As a conscientious programmer, I put security as one of the core requirements of every product I develop. To prevent flaws from being introduced, I promote a culture of awareness (e.g. make sure that team members I work with know about common vulnerability types), keep myself updated by regularly reading specialized sites (e.g. The H Security or Dan Kaminsky's blog), watch out for common mistakes (and discuss them if necessary) while performing code reviews.
However, we all know that, by Murphy's Law, a security bug will appear (sooner or later). My (closely related questions) are:
- How can I promote responsible disclosure of security vulnerabilities found by researchers? That is, how can I encourage them to collaborate jointly with me, not releasing details until a fix is prepared, while simultaneously ensuring they feel they are respected for their hard work and they get the credit they deserve?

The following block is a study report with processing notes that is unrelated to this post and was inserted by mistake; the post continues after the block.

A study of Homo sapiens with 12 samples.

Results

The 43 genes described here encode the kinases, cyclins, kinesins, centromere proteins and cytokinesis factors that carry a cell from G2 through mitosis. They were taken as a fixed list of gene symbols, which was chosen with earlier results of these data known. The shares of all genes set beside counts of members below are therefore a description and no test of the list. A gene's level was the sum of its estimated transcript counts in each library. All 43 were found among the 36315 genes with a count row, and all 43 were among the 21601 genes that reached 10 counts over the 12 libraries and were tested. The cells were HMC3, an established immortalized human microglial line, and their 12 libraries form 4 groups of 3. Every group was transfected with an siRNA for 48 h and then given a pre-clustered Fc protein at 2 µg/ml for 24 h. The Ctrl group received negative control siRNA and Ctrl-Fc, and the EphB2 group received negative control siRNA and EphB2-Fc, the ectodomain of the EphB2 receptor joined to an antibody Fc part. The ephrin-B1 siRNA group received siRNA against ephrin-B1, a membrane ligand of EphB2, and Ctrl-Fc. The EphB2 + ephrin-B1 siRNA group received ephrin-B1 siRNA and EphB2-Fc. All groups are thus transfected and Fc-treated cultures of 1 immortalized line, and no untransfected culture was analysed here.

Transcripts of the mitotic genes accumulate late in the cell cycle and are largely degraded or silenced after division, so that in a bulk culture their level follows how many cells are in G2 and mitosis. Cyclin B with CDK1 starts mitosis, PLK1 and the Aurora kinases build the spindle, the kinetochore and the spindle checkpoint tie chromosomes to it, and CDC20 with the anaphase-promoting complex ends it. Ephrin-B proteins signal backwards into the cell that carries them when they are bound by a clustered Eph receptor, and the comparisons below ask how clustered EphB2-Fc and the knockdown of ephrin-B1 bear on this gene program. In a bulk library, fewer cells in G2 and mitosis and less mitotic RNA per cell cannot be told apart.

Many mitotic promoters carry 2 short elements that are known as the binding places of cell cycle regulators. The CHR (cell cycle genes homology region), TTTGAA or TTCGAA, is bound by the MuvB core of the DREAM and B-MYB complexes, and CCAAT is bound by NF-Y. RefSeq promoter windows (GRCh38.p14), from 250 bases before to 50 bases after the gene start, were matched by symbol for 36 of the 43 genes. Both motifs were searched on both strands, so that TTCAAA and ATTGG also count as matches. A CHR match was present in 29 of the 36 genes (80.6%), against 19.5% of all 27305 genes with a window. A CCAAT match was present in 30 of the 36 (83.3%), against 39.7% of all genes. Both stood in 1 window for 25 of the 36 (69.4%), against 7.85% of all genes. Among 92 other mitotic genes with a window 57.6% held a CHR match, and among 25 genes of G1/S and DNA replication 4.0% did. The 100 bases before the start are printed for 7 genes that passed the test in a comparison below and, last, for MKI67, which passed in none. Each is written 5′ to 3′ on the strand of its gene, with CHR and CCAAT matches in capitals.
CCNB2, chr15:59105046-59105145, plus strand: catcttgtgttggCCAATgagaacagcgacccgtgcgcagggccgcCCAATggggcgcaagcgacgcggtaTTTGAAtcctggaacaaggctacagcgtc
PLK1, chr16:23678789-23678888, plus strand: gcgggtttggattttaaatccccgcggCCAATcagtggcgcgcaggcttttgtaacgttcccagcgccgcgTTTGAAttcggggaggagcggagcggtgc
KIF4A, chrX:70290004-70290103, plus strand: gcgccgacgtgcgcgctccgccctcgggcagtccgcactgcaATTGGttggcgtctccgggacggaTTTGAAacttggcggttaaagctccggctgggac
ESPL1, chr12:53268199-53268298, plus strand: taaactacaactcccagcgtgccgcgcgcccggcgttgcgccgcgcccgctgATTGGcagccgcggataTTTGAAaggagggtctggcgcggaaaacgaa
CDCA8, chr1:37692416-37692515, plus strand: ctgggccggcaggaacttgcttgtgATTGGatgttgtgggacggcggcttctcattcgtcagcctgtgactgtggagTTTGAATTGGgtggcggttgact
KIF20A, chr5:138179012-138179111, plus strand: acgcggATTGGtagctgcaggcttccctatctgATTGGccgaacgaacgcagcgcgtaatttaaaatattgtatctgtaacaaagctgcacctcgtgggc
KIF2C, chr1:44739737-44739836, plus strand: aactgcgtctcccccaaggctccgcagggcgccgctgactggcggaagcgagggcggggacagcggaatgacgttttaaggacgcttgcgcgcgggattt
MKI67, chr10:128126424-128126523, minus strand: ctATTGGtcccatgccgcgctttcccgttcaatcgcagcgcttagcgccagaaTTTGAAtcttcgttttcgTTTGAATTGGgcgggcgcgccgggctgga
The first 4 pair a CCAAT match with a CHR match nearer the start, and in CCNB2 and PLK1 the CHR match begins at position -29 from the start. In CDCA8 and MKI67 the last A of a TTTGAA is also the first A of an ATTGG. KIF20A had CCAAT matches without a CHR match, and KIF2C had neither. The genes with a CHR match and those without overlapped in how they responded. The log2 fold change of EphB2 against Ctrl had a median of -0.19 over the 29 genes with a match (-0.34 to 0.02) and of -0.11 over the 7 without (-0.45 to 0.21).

- In case someone takes the full disclosure route, how can I react (be alerted of the vulnerability as soon as possible and then take appropriate mitigation measures) in the most timely and effective way?
At the moment, I've thought about:
- making sure a security contact is clearly listed on my website
- using CVE Details to get a feed for my products if they get published there
- following security mailing lists as well (see this IT Security answer)
- ensuring patches are prepared quickly
- constantly communicating with the bug reporter(s), updating them as progress is being made
- publicly crediting the researcher(s) for her/their discovery
- allowing full disclosure some time after the patches are published (to allow affected clients to install them)
(I'm part of a small team in a sort of startup, therefore my course of action is not limited by managerial issues. Nevertheless, I still think that any advice you'll provide can be applied to other situations as well.)